When I was a kid, my dad would have to take the car down to the garage every few months for a chassis lubrication, usually at the same time as the oil and filter change. Now, apart from a few components, the chassis lube is now a thing of the past.
That kind of progress has been making its way to fluids, which are now commonly labeled as lasting for a “lifetime.”
What Does Lifetime Fill Mean?
The words “lifetime fill” raise a few questions, including whose lifetime — mine or my car’s? It’s a good question and one reason to read the fine print from your vehicle’s manufacturer. Lifetime fill doesn’t mean the fluid will last for 80 years. “Lifetime” refers to one of two things: what the manufacturer expects to be the average usable life of the vehicle or the life of your vehicle’s warranty. The exact definition of “lifetime” varies by manufacturer, but one thing they all have in common is that the fluids have a lower viscosity (i.e., they’re thinner). And they are designed to resist breaking down chemically as early as standard fluids do.
Common Lifetime Fill Fluids
While these long-lasting fluids vary by manufacturer, the most common ones are:
- Rear differential fluid.
- Transmission fluid.
- Brake fluid.
Unlike the systems that replaced regular chassis lubrication, these aren’t always sealed. Depending on the manufacturer, you can usually refill or replace these fluids. But if your vehicle’s manufacturer says they’re lifetime fill, it means that you shouldn’t need to under normal operating conditions. If you operate your car under what the manufacturer considers “severe” conditions (whether you consider them “severe” or not), that lifetime fluid might require changes at very specific intervals.
For example, some manufacturers that offer lifetime rear differential fluids consider driving on dusty roads to be severe conditions. So, if you keep your 4×4 on pavement year-round, your fluid is good for a “lifetime.” But if you spend time off-roading or traveling on dirt roads, you may need to change your fluid regularly and on a schedule. If you use your vehicle to tow a trailer, your “lifetime” transmission fluid, brake fluid and coolant might not last as long. Again, check your owners manual and read the fine print.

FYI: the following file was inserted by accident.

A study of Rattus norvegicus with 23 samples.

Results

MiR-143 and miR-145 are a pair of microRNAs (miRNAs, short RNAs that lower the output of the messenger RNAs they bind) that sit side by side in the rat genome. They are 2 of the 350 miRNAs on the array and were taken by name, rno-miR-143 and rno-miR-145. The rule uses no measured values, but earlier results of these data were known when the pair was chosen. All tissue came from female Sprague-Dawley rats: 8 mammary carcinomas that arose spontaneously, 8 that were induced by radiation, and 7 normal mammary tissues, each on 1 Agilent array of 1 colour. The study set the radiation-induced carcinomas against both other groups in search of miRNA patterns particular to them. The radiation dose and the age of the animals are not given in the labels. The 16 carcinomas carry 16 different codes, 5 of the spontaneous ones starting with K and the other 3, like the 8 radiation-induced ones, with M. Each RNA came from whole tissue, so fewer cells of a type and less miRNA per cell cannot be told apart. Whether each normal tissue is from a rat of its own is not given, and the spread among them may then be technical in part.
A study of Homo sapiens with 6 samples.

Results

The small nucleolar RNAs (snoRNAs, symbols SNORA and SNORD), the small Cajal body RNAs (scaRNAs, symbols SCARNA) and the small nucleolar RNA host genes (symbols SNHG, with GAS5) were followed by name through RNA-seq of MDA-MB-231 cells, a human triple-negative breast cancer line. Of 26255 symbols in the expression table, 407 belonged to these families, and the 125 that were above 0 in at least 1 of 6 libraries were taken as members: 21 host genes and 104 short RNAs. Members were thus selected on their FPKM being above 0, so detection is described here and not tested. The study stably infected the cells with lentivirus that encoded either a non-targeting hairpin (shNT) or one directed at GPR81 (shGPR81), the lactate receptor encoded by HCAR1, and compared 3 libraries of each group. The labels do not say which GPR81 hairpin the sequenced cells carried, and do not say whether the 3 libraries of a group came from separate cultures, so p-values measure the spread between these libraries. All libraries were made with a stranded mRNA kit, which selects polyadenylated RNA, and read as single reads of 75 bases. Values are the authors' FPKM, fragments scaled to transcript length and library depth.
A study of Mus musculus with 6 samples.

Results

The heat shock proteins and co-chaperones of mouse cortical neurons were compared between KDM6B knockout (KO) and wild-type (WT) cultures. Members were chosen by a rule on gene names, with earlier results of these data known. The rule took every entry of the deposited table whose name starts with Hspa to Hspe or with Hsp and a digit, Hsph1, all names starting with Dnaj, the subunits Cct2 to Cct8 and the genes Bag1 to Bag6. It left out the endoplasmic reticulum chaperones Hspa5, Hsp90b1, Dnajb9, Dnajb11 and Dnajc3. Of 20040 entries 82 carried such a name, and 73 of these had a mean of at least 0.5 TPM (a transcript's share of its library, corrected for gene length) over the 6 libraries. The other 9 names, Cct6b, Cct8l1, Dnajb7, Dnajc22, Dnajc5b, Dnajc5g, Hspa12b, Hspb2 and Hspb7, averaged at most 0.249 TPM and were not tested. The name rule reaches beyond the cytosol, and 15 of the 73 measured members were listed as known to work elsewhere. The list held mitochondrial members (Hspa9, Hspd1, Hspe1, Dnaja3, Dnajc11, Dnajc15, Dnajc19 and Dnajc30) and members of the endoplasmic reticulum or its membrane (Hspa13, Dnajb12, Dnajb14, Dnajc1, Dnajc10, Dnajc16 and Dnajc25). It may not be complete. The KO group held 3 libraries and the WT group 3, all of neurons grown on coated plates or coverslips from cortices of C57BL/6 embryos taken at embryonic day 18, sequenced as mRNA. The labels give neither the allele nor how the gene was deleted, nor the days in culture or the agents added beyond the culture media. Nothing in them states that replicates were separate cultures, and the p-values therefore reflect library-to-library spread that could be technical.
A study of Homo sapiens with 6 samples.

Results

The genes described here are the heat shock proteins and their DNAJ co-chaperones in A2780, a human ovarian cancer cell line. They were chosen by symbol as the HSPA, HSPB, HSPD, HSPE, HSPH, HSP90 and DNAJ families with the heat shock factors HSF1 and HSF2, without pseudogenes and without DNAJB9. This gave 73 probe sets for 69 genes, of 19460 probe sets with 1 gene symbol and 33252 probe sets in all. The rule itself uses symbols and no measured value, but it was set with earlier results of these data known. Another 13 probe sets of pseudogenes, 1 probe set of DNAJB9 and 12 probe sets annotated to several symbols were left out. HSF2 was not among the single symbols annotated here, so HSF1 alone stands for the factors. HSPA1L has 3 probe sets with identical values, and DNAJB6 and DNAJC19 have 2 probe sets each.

The Pros and Cons of Lifetime Fill
The upside to using lifetime fluids is that you’ll have to do less maintenance over the life of the vehicle (or your ownership of it). The downside? If you start to get complacent about the fluids that do need replacement, such as engine oil, you’ll end up regretting it.
If you’re a DIYer or just particular about keeping your car in tip-top shape, consider replacing lifetime fluids occasionally — a periodic checkup on your car’s inner workings is not unlike bloodwork and other tests your doctor orders before your annual physical.
And if you’re a typical driver, lifetime fluid fills may give you peace of mind and one less thing to worry about.
Check out all the transmission fluids available on NAPA Online or trust one of our 17,000 NAPA AutoCare locations for routine maintenance and repairs. For more information on lifetime fluids, chat with a knowledgeable expert at your local NAPA AUTO PARTS store.
Photo courtesy of Wikimedia Commons.
Mike Hagerty is an automotive journalist whose work has been featured on radio, TV, in print and online since 1997. He's the Publisher and Editor of MikeHagertyCars.com, and contributes car reviews to the Los Altos Town Crier and losaltosonline.com. Previous outlets have included KFBK and KFBK.com in Sacramento, California, the ABC television affiliates and Hearst-Argyle and Emmis radio stations in Phoenix, Arizona; AAA magazines for Arizona, Oklahoma, Northwest Ohio, South Dakota and the Mountain West and BBCCars.com.